Fun and games with the new PayPal java SDK

Up until now I’ve handled my payments for stolencamerafinder and OddPrints with Google Wallet. It’s not fantastic api (I’ve even had to fix it) but it’s pretty straight forward. There’s good documentation and the SDK saves you from writing all that boilerplate for talking to a web service.

I’ve had quite a few requests for allowing PayPal so I’ve spent the last couple of days flicking through their documentation and was quickly shown that:

The X.Commerce Developer Tools team announces the stable release of new SDKs for PayPal APIs after several months in beta testing.

Great news. A stable release. It even includes some work that allows it to run on Google App Engine.

Time to crack on, right, where’s the documentation. Oh. There isn’t any because it has:

Self-documented classes that describe the APIs

Ok, fine, I’m cool with that. I’ve downloaded the SDK, added it to my project. Now all I have to do is rummage through the packages to find the class that will serve as my entry point to the API. Tell you what, I’ll give you a head start, here’s the package it’s in.

Yep, there it is, buried amongst 172 generated classes, you want the PayPalAPIInterfaceServiceService. What a name. I’ve gone through the JAXB pain far too many times in my java career and although I don’t find it particularly difficult any more, it is still impossible not to vomit over my keyboard each time I’m forced to code against it.

This is (my first attempt at) a very basic call to the api:

        PayPalAPIInterfaceServiceService paypal;
        try {
            InputStream is = req

            paypal = new PayPalAPIInterfaceServiceService(is);
        } catch (FileNotFoundException e) {
            // Urgh, I have to catch a checked exception that can only be thrown
            // by the other, overloaded, file-based constructor. Nice work
            // PayPal.
            throw new RuntimeException(e);
        } catch (IOException e) {
            throw new RuntimeException(e);

        SetExpressCheckoutReq setExpressCheckoutReq = new SetExpressCheckoutReq();
        SetExpressCheckoutRequestType setExpressCheckoutRequestType = new SetExpressCheckoutRequestType();
        SetExpressCheckoutRequestDetailsType setExpressCheckoutRequestDetails = new SetExpressCheckoutRequestDetailsType();

        List paypalItems = Lists.newArrayList();

        PaymentDetailsItemType paypalItem1 = new PaymentDetailsItemType();
        BasicAmountType amount1 = new BasicAmountType();

        PaymentDetailsItemType paypalItem2 = new PaymentDetailsItemType();
        BasicAmountType amount2 = new BasicAmountType();

        PaymentDetailsType paymentDetails = new PaymentDetailsType();


        BasicAmountType totalAmount = new BasicAmountType();
        // not this, this is deprecated (but not deprecated in the code)
        // setExpressCheckoutRequestDetails.setOrderTotal(totalAmount);

        // set both of these instead

        SetExpressCheckoutResponseType response = null;

        try {
            response = paypal.setExpressCheckout(setExpressCheckoutReq);
        } catch (SSLConfigurationException e) {
            // TODO
        } catch (InvalidCredentialException e) {
            // TODO
        } catch (HttpErrorException e) {
            // TODO
        } catch (InvalidResponseDataException e) {
            // TODO
        } catch (ClientActionRequiredException e) {
            // TODO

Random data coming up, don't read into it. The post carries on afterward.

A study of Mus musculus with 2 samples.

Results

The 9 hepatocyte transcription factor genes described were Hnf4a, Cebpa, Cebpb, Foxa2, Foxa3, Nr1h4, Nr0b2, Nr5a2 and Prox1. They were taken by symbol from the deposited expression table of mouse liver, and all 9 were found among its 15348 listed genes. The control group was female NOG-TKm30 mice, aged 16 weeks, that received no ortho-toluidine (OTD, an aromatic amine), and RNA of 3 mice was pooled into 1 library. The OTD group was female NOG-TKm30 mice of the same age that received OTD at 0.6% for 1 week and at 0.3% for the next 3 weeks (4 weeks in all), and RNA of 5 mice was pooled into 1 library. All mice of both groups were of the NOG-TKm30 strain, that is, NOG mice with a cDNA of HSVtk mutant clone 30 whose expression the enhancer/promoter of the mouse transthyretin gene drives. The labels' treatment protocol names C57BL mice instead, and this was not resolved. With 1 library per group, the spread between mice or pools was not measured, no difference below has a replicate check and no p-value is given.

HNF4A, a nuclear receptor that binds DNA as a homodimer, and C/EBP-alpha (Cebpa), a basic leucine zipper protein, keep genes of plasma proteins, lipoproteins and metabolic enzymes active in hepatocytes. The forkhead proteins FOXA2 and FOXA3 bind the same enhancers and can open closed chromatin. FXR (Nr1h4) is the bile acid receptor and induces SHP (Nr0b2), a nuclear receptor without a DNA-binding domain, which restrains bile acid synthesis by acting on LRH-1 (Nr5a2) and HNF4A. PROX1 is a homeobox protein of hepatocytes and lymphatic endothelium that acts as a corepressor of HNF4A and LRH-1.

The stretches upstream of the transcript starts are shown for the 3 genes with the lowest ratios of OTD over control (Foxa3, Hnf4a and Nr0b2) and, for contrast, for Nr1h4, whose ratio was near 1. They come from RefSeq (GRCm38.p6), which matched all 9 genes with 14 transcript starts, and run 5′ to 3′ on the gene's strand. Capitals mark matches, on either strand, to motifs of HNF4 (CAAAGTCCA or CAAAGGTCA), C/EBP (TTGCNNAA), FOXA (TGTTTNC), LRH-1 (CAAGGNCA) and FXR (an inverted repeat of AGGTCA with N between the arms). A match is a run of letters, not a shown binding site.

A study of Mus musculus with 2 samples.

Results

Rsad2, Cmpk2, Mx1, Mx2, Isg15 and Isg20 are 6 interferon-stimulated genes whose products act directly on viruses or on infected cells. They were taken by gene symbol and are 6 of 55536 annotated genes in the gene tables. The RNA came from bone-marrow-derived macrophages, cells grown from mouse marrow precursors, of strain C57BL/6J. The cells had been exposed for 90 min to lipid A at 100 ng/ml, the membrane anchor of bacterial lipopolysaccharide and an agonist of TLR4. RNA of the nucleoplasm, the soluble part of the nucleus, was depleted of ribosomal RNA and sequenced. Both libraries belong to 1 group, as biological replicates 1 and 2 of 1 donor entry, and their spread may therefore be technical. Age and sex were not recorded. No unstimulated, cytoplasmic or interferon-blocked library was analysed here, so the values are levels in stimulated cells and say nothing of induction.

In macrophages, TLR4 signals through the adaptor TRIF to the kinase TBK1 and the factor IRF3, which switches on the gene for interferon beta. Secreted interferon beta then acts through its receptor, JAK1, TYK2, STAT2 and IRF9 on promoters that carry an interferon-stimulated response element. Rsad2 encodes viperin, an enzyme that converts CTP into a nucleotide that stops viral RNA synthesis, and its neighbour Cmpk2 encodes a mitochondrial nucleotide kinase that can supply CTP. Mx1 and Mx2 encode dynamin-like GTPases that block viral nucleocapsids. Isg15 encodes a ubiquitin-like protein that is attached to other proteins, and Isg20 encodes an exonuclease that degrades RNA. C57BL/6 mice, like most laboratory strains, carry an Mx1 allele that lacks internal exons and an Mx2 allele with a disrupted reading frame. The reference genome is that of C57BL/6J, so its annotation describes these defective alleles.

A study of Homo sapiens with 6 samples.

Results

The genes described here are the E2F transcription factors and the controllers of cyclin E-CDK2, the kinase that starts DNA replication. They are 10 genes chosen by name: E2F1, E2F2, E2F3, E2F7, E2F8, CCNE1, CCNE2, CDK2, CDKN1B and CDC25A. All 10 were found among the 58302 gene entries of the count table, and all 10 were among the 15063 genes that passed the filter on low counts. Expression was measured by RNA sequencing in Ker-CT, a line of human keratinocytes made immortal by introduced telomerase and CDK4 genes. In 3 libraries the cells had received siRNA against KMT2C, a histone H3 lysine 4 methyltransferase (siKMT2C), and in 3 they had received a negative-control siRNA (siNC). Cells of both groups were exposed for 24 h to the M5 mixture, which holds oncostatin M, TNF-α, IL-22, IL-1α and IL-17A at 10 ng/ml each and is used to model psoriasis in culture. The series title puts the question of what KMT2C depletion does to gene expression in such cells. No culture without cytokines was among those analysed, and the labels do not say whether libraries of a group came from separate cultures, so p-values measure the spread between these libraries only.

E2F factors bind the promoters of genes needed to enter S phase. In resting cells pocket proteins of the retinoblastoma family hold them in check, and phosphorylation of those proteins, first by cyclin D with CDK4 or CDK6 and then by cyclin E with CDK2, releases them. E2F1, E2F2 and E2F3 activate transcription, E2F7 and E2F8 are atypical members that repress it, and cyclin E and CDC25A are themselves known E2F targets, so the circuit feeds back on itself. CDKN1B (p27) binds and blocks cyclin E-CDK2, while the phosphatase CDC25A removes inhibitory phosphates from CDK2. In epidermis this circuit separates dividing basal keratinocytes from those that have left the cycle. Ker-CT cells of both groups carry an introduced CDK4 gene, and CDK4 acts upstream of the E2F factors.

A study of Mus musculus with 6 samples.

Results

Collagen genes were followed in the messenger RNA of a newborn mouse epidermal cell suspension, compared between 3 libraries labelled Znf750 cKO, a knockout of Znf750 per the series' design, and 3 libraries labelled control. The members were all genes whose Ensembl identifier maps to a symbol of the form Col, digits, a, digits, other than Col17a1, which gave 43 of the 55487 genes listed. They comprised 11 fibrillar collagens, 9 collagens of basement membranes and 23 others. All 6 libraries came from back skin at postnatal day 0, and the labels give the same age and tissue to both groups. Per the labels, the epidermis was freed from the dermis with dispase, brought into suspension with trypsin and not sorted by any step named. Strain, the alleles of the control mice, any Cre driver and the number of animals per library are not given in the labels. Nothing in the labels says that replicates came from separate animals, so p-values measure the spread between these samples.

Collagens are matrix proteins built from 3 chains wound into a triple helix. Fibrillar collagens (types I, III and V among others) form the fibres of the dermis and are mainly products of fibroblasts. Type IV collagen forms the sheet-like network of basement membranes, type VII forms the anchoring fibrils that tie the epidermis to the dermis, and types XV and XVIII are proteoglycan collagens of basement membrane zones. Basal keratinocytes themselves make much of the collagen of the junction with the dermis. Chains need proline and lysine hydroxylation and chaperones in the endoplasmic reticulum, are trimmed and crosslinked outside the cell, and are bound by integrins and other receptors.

} catch (MissingCredentialException e) {
            // TODO
        } catch (OAuthException e) {
            // TODO
        } catch (IOException e) {
            // TODO
        } catch (InterruptedException e) {
            // TODO
        } catch (ParserConfigurationException e) {
            // TODO
        } catch (SAXException e) {
            // TODO

Bleurgh. Having to write this kind of shit gives java a really bad name. Is there really any improvement over just calling the API without any SDK? There are so many things wrong with this that I’m surely going to miss stuff:

  • Declaring you throw a checked expection that you don’t throw.
  • Inconsistent naming.
  • The insane object nesting generated by JAXB .(SetExpressCheckoutReq>SetExpressCheckoutRequestType>SetExpressCheckoutRequestDetailsType etc.).
  • Who cares we’re using a strongly typed language, let’s pass doubles in strings and just document what’s valid – “Must not exceed $10,000 USD in any currency. No currency symbol. Decimal separator must be a period (.), and the thousands separator must be a comma (,).”
  • Redundantly having to pass the total for the whole basket.

Matt, keep calm, breath deeply. It’s ok. You can wrap this cruft up behind a nice clean bit of code and you never have to look at it again…

Phew, let’s run it.

Bang. That threw a ClientActionRequiredException. Looking at the response I can see “XML syntax error”. No more help than that. Time to take a look at the xml that was generated and I quickly spot that it’s not legal:


What? I’m using an SDK and it still generates duff xml. I was pretty pissed off at this point and lost my cool. I glanced at the source code and thought I’d found a bug so fired off a bug report.

It turned out it wasn’t so much a bug, just an example of why munging xml by hand is a bad idea. It was my fault for not sending the currency code for each and every item in the basket.

Now we can add one more thing to our list or gripes:

  • Having to pass the currency code for each item in basket.

I didn’t want this post to be a rant. No-one wants to read that, I’m just frustrated that it’s taken me two days to get to the simplest end-to-end test. If anyone at PayPal reads this, please hide away the JAXB objects and expose a cleaner set of interfaces for the java SDK. It’s the sort of thing I would normally write myself and open-source, but I feel in this case, it’s not something that would benefit the people so much as it would benefit PayPal.